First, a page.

Student Life Archives (2001-2008)

Rock, paper, scissors, shoot: Wash. U. student wins St. Louis tournament

Matt Rubin

Washington University junior Marc Elliot balked at his friend’s suggestion. But junior Mike Gorodinsky insisted that Eliott give the St. Louis Rock Paper Scissors (RPS) Tournament of Champions a chance. The tournament, held at the St. Louis Science Center, boasted over 100 members of all ages vying to be dubbed the best RPS player in the Lou.

Afraid of heading into battle without any coaching, Elliot placed a call to University sophomore Adam Low’s younger brother, Danny. The younger Low started an RPS club in his high school in Kirkland, Wash. and is also a member of the World RPS Society.

The Society, which has its National Championship in Toronto costs $35 to enter, but allows its members to compete in tournaments worldwide. Low then taught Elliot what he called “RPS Strategy 101″ in preparation for the tournament.

His new knowledge in hand, Elliot set out to take home the title that every kid dreams of: “Rock Paper Scissors Champion.” All participants lined up, prepared for action. The stage had three tables prepared for competition, all equipped with referees, which were employees from Gold’s Gym. Each match was simply best of three throws- ties not included – and at the completion of each round the field was cut in half.

“Just close your eyes and imagine over 100 people, a live band, people in costume and a huge stage with three tables all with refs,” said Elliot.

Nervous for his first match, Elliot faced off against a seven-year-old girl. This particular girl was anxious as well, as she twice threw on “scissors” rather than “shoot,” causing her to be disqualified and Elliot advanced to the next round.

After five rounds, only six contestants remained, pitting Elliot and two other contestants to battle in order to narrow the field down to four.

Opting for a three-way challenge, the first person to two points would advance. After two ties, in which each threw rock, paper and scissors, Elliot ousted both opponents at once, throwing rock to their scissors and elevating him into the semifinals.

Playing in the first of the two semifinal matches, Elliot quickly disposed of yet another seven-year-old, thereby placing Elliot into the coveted championship round. Observing the other semifinal match, he noticed his soon-to-be 45 year-old foe threw rock on her first throw. Confident she would repeat the strategy, Elliot opted to go with paper on his first throw.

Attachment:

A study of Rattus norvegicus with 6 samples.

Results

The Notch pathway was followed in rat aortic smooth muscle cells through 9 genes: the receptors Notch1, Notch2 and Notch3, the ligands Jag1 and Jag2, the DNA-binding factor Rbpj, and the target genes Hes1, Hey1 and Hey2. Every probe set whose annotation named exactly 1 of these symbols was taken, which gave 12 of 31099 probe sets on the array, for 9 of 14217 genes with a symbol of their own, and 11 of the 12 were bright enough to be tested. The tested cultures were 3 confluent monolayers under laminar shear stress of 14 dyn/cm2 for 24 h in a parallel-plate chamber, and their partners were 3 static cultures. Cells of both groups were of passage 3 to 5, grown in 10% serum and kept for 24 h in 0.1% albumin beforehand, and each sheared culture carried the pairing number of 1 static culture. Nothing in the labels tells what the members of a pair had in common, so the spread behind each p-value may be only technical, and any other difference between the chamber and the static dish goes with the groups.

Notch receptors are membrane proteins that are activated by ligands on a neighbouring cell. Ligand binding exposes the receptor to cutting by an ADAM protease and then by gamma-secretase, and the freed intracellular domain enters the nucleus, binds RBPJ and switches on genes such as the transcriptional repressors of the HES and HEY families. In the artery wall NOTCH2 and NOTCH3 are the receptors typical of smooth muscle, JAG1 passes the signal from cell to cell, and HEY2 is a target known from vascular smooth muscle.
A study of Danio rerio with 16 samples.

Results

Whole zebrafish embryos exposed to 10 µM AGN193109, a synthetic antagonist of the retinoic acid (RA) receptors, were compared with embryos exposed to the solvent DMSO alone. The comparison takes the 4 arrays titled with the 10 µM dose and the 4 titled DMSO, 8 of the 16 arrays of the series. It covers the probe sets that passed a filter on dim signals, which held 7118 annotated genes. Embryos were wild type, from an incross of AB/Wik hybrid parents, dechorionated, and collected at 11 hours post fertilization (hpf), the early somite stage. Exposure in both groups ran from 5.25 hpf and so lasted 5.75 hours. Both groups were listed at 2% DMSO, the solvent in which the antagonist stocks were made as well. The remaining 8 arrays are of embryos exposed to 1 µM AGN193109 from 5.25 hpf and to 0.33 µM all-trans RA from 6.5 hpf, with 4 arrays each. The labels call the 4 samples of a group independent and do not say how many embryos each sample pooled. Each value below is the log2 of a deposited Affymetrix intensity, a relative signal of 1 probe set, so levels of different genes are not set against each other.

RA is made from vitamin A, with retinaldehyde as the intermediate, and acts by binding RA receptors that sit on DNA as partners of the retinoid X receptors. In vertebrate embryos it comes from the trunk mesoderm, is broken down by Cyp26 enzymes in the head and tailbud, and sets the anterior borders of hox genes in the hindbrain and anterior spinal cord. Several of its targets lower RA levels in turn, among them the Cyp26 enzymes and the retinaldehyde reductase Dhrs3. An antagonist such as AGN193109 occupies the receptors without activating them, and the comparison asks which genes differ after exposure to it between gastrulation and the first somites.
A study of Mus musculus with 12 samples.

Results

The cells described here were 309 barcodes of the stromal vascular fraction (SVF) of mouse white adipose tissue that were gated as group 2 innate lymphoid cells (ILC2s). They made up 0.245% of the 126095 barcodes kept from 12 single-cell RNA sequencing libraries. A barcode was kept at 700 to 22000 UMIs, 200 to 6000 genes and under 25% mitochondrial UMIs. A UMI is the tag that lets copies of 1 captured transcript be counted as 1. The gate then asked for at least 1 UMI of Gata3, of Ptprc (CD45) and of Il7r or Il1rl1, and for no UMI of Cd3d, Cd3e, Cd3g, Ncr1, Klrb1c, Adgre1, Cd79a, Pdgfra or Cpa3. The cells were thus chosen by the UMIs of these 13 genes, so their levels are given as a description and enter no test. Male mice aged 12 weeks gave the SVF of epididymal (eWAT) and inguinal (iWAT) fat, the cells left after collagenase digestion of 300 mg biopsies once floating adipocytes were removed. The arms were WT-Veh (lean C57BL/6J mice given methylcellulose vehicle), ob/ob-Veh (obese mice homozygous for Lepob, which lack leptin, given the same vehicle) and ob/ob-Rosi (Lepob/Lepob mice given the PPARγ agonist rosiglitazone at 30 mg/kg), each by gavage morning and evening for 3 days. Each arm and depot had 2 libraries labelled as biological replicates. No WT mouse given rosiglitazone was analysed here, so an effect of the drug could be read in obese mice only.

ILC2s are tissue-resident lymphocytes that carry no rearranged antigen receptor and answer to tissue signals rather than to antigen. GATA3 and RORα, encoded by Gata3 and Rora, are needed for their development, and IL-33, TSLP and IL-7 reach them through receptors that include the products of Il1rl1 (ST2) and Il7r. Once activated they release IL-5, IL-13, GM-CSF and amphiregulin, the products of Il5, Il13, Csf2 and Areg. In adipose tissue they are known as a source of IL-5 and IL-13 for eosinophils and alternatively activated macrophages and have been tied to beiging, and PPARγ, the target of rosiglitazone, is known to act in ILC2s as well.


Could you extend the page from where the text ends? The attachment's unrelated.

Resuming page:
Elliot fell into an early 1-0 hole, needing to win the final two throws in order to take home the title. Elliot thought back to RPS Strategy 101, which states that after a victory, your opponent is likely to change his or her throw and therefore you should keep your throw the same. Elliot threw paper again.


Danny Low’s advice came through, and the match was tied 1-1. Elliot thought long and hard about his last throw, and decided to go with rock.


Just like that, Marc was an RPS champion. He was now the proud owner of $150, a year’s membership to Gold’s Gym, but most importantly the St. Louis RPS Champion.

“RPS is a game of 30 percent strategy and 70 percent luck,” said Elliot. “One minute I was a novice getting a five-minute 101 strategy, and the next minute I was on top of the world. The crowd was screaming, cameras in your face, and in the end of the day, all that mattered was whether you threw rock, paper, or scissors.”

The day did not fare as well for Gorodinsky, however. Mike fell in the third round to yet another seven-year-old who allegedly cheated his way through the tournament. Informal investigations are underway, but no formal charges had been filed as of press time.

Suggestions from an expert:

Here are some basic strategies for beginner RPS players. The suggestions come from veteran RPS player Danny Low, whose brother Adam is a sophomore at the University.

1. The most common first throw is scissors.

2. The next most common first throw is rock.

3. Try to judge the personality of your opponent. A more aggressive player is more likely to throw rock. A more timid and shy player is more likely to throw paper.
Obviously, anywhere in between a person would be more likely throw scissors.

4. If you win a round, your opponent’s next throw will most likely be what just beat him or her. For example, if I throw a rock and my opponent throws scissors, my opponent will have a tendency to throw rock next, so my next throw should be paper.

5. If you lose, don’t change your next throw. People have a tendency to change their throw when they win.

6. If you tie, change your next throw to whatever would beat the tie. People tend to not change their throw after a tie.
These next rules are for longer play.

7. If your opponent is losing, they are more likely to throw their strongest or most comfortable throw. Their strongest throw is usually the one they threw first.

8. If your opponent is ahead, they are more likely to become looser in their throws, since now they have some room to take risks.